Martha is at once a great admirer of beautiful things and a deeply practical person. That combination of traits may explain why she is so drawn to copper cookware. The gleaming equipment—pots, pans, bowls, and more—is worthy of display but also inherently useful. In fact, thanks to this metal’s unique qualities, each vessel may even do its job better than a similar one made of other materials.
Martha bought her first copper cookware in Paris in 1961. She had just read the newly published Mastering the Art of French Cooking from cover to cover, and was eager to take the advice of Julia Child, Louisette Bertholle, and Simone Beck when it came to assembling her batterie de cuisine, or supply of kitchenware. “Copper pots are the most satisfactory of all to cook in,” the groundbreaking authors wrote. So off went Martha to E. Dehillerin, the venerable kitchen-supply store, and bought some saucepans. Sauté pans and stockpots were next on her list.
“It really is a different experience to cook in copper,” she says. “Everyone should have at least one piece.” Indeed, the metal is an excellent heat conductor, which allows for better control and precision. “It has the incredible virtue of diffusing heat in an even way. There are no hot spots,” says French chef and restaurateur Daniel Boulud, who has a large display of copper cookware in his DBGB Kitchen and Bar, in New York City. If you have only that one piece, he recommends a sautoir, or straight-sided sauté pan, large enough to cook for four or six people (10 to 12 inches). A square roasting pan is a close second for him.
European cooks have appreciated copper’s fine qualities for centuries. Stately home and restaurant kitchens in the mid-19th century were well stocked with copper cookware, as well as intricate and fanciful molds for ice creams, mousses, and jellies. When you buy one of these early pieces today, “you’re owning a piece of history,” says Susan Stone, co-owner of Eve Stone Antiques, in Woodbridge, Connecticut, from whom Martha has purchased many wonderful old pieces as she added to her collection. “You think, Who was using these in the 1850s? What were they making?” Stone says.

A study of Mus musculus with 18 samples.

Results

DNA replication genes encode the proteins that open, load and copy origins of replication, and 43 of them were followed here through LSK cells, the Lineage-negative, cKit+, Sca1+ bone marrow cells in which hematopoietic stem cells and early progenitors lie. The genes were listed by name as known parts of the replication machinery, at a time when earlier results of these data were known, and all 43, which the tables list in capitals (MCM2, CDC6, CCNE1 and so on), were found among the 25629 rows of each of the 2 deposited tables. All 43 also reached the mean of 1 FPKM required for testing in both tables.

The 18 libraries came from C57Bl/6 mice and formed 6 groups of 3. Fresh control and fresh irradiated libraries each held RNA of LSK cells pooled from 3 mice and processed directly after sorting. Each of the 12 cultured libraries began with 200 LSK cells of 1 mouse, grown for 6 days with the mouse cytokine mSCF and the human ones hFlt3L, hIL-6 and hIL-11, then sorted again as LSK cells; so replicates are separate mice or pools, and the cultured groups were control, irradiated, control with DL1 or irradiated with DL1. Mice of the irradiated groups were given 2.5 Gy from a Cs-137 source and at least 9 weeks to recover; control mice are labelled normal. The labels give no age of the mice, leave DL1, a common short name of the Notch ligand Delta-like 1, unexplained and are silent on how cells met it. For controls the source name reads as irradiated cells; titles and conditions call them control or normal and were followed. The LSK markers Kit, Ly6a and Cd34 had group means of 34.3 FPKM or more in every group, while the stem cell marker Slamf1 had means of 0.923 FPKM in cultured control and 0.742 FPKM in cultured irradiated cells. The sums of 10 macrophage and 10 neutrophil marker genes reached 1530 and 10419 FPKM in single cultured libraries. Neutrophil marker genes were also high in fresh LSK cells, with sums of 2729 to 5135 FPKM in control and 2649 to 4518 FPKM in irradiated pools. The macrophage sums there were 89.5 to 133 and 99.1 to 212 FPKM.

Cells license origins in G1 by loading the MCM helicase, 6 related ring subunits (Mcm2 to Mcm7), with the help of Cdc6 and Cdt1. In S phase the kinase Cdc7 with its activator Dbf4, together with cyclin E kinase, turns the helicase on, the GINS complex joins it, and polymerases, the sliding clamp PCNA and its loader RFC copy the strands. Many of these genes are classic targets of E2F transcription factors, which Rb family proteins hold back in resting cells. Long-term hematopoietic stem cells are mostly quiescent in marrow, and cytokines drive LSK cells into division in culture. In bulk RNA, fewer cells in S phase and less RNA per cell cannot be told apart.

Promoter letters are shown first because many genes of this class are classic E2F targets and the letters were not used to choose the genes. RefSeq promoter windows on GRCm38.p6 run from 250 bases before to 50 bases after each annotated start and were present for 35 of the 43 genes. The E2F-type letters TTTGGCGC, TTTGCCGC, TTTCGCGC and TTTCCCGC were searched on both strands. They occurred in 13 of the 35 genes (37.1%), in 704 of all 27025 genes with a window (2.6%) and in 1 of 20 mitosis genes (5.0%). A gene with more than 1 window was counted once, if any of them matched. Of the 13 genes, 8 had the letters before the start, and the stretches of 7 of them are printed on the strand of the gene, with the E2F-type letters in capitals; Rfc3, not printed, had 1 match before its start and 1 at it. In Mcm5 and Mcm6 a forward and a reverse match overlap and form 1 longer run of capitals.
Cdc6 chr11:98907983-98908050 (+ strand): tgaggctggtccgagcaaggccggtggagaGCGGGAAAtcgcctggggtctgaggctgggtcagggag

Martha hasn’t sought out only the rarest of the rare, however. Over the years, she’s also picked up many 20thcentury pieces from tag sales and consignment shops— their luster dulled by tarnish. “People didn’t want to polish it anymore, so they sold it for next to nothing,” she says.
True, copper requires some upkeep. In addition to being prone to tarnish, the metal is highly reactive: When copper comes into contact with acidic ingredients, a toxic reaction occurs. For safety, copper cookware is generally lined with a layer of tin or, for more recently made pieces, stainless steel. A tin lining wears away with use; when you see copper showing through, the pot needs to be retinned. Exceptions include pots for making caramel and jam, as well as bowls for beating egg whites, since the whites react—harmlessly— with the copper, becoming extra-fluffy and stable.
But once you’ve fallen in love with copper, putting in a bit of time and money to maintain it is well worth it. “That pink gold,” says Martha. “It’s just so gorgeous.”